Every kid with a piggybank knows that careful saving can add up. If you could find a way to save just $4 a week at the laundromat or in your own laundry room, you'd have over $200 at the end of the year to use however you like! Here are 8 simple steps I feel confident will put those extra dollars in the bank.
AT THE LAUNDROMAT/IN YOUR LAUNDRY ROOM
1. Wait until you can wash full loads. If you're desperate to do a couple of items in the meantime, consider setting up a soaking bucket (using a bucket with a lid) and hand washing and hang drying those items. Everything else can wait until full-load laundry day.
2. Carefully measure out the right amount of detergent for each load. Don't just pour it in! You will overuse detergent that way. Utilize the guide on your bottle. If it says "normal" or "medium" load, that refers to a washer that's three-quarters full; a large load is a full load. If your clothes ever come out of the washer feeling stiff or sudsy, you've used too much, so use less on the next load.
3. Cut out the softener, the dryer sheets, and any other dooby-dads people are telling you to use. Really. You can survive with detergent alone. If you are facing seriously stubborn stains, do some online research about how to best attack each one. There are often solutions to stain dilemmas that don't involve spending money. Try the University of Illinois' stain removal database as a starting place.
4. Don't over-dry your clothes in the dryer. Do you know how long your clothes actually take to dry? Some sources suggest that a full load in a properly maintained dryer should only take 40 minutes. I've always assumed mine take 60 minutes, but what if I'm wrong? I could be saving myself a few quarters per load if I just spent the time to check on the load's progress over the last 20 minutes.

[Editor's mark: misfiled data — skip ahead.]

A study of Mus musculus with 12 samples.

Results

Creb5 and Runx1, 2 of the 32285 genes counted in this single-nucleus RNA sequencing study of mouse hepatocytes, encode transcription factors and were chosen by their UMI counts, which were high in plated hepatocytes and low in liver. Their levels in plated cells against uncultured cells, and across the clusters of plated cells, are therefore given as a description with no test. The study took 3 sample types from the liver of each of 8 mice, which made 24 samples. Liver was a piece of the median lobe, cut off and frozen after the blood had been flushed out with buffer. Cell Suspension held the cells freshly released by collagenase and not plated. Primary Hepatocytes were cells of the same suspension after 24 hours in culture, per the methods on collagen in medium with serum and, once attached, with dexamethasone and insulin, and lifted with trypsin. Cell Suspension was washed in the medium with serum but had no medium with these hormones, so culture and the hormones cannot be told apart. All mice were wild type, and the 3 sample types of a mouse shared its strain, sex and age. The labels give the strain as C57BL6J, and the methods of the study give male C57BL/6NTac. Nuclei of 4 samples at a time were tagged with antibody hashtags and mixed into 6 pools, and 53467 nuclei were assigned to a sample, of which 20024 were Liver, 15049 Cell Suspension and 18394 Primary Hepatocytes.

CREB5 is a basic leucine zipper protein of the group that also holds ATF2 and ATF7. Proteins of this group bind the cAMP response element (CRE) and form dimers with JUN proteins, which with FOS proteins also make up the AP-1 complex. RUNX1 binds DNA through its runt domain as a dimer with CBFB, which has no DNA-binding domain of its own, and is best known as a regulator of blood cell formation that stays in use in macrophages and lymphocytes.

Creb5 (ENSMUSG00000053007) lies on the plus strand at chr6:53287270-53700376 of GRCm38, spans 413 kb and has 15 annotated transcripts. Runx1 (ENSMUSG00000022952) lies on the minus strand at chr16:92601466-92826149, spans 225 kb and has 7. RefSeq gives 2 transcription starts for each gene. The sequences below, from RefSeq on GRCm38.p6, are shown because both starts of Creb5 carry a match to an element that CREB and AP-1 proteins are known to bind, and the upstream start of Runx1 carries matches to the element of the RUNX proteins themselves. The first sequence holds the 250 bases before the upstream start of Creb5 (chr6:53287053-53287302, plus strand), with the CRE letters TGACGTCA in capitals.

5. Hang dry as much wet laundry as you can. Whether on your personal electricity bill or at the laundromat, drying is always costly. On the other hand, no matter how small your living space, there is a clothes drying rack out there that will fit. If you don't own one, invest in one! You will make the money back and more.
6. When clothes are clean, put them away right away. Clothes that haven't been hung or folded get dirty just hanging around in piles. They get trodden on, they get mixed with other potentially unwashed clothes, and their status as "clean" gets confused. If you aren't good at getting your clean laundry put away quickly, I am almost certain that you are accidentally washing clothes you haven't worn.
7. At the end of every day, ask, "Does this really need to be washed?" I find that when I'm not thinking carefully, I'll throw an item in the hamper because I've worn it one time. But for an adult, one wear does not necessarily mean a piece of clothing is dirty. Inspect each item carefully. Does it look clean? Smell clean? If so, it's fine to put back in the closet.
8. Own fewer clothes. Too many clothes clog the system. Owning only the clothes you love helps washing, drying, and hanging seem like much less of a chore and reduces clutter that collects dust and dirt. If you want to pare down your closet but you missed our Closet Cure, don't fret! You can always track through it again starting with this post.
Do you have a few laundry cost-cutting tips of your own?